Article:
William J Mann, Jr, MD
Section Editor
Barbara Goff, MD
Deputy Editor
Sandy J Falk, MD, FACOG


Radical hysterectomy refers to the excision of the uterus en bloc with the parametrium (ie, round, broad, cardinal, and uterosacral ligaments) and the upper one-third to one-half of the vagina. The surgeon usually also performs a bilateral pelvic lymph node dissection. The procedure requires a thorough knowledge of pelvic anatomy, meticulous attention to sharp dissection, and careful technique to allow dissection of the ureters and mobilization of both bladder and rectum from the vagina. Particular care must be taken with the vasculature of the pelvic side walls and the venous plexuses at the lateral corners of the bladder to avoid excessive blood loss. Removal of the ovaries and fallopian tubes is not part of a radical hysterectomy; they may be preserved if clinically appropriate. (See "Elective oophorectomy or ovarian conservation at the time of hysterectomy", section on 'Introduction'.)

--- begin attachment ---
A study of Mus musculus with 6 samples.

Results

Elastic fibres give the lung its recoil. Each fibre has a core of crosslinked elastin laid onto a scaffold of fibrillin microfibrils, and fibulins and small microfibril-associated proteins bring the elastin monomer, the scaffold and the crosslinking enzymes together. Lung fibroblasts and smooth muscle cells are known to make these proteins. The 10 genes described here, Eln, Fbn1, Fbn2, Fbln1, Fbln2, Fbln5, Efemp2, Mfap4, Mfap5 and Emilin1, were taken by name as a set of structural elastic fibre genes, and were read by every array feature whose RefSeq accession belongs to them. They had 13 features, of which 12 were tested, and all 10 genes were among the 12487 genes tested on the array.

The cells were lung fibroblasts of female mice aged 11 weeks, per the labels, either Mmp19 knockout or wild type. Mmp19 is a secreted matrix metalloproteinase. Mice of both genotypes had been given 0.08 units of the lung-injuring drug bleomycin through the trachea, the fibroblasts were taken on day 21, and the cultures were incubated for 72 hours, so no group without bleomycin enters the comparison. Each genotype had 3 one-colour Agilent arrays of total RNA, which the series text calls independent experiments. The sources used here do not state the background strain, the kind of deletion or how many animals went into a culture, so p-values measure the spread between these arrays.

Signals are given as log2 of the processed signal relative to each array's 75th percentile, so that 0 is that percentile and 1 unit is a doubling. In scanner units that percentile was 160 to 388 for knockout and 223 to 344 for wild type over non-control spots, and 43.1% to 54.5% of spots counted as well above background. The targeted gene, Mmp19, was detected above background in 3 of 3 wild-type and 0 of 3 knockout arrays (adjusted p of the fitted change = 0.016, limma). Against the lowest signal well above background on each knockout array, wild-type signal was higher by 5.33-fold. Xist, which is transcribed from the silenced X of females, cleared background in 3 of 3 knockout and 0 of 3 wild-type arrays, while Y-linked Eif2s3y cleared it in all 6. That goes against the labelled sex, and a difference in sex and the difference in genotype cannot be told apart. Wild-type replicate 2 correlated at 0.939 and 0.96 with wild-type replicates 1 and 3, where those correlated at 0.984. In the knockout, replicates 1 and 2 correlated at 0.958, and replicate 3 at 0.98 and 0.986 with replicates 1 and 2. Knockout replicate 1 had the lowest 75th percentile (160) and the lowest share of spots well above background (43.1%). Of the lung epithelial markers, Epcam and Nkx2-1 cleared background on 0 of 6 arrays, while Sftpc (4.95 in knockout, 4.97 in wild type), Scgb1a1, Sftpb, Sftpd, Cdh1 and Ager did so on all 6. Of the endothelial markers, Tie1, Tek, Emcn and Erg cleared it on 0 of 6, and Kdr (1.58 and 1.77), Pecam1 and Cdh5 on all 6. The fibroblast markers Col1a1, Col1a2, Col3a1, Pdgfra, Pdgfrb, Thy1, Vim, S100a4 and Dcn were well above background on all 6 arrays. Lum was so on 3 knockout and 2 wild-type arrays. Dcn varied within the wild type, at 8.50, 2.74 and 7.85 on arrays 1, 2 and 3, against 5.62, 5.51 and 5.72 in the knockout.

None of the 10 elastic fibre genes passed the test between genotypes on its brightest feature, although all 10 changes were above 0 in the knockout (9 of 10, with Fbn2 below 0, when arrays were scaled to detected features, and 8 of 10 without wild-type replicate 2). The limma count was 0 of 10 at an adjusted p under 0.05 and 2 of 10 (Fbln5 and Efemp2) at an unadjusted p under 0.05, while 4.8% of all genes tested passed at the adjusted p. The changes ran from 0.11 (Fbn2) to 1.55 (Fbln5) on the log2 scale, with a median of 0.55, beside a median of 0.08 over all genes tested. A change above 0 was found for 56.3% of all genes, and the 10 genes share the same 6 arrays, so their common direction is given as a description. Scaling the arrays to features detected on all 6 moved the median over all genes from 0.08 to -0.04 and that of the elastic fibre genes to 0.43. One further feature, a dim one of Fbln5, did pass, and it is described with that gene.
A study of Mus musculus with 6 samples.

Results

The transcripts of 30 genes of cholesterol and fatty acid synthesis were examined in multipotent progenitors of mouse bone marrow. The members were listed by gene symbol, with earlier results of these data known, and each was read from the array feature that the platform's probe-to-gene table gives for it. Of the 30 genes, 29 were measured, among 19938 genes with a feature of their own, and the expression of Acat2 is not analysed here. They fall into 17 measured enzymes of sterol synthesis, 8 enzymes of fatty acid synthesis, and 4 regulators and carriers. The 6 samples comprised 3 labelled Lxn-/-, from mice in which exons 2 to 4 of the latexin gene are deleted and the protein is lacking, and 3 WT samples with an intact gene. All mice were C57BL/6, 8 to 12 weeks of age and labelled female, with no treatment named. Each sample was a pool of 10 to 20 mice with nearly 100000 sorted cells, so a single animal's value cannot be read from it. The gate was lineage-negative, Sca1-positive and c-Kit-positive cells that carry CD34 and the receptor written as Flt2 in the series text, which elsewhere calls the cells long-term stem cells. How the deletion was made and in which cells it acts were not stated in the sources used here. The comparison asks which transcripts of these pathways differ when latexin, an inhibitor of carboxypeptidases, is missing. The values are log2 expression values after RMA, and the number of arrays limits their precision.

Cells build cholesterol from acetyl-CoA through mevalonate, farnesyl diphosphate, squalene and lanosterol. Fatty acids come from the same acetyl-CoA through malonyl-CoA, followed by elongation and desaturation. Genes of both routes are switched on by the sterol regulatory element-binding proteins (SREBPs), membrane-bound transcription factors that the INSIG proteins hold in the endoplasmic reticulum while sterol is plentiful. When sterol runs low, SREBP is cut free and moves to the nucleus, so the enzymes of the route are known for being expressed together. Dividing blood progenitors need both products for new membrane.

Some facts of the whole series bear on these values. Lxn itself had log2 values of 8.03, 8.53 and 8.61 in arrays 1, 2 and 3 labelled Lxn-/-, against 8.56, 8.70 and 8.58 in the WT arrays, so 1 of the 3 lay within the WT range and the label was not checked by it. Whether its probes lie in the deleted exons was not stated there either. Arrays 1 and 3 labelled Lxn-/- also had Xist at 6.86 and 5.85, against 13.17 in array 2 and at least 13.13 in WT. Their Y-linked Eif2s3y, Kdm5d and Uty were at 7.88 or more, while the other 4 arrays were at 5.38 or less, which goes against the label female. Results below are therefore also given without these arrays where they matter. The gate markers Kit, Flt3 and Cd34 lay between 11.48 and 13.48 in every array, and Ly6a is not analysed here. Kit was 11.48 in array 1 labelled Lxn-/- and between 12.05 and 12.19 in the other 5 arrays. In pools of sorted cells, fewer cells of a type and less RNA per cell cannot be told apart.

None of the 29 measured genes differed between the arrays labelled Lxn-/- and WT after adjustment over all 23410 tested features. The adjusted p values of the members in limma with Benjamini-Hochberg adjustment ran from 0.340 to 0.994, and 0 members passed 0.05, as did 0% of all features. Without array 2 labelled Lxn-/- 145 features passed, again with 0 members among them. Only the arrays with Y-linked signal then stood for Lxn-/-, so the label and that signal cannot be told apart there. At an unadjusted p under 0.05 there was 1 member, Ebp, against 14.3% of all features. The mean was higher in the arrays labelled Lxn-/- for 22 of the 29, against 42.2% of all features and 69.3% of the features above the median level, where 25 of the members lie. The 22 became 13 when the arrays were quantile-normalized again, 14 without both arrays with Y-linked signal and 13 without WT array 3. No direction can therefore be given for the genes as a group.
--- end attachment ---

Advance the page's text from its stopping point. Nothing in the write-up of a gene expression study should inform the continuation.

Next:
The major issues associated with radical hysterectomy will be reviewed here including indications, patient selection, operative technique, preoperative and postoperative care and complications. The outcomes after surgery and comparisons to other therapeutic modalities for specific tumors are discussed separately. (See "Management of early-stage cervical cancer".)


Radical hysterectomy is performed as a primary therapy for:

Stage IB or IIA cancer of the cervix (table 1).

Selected patients with stage II adenocarcinoma of the endometrium in whom radical surgery seems feasible.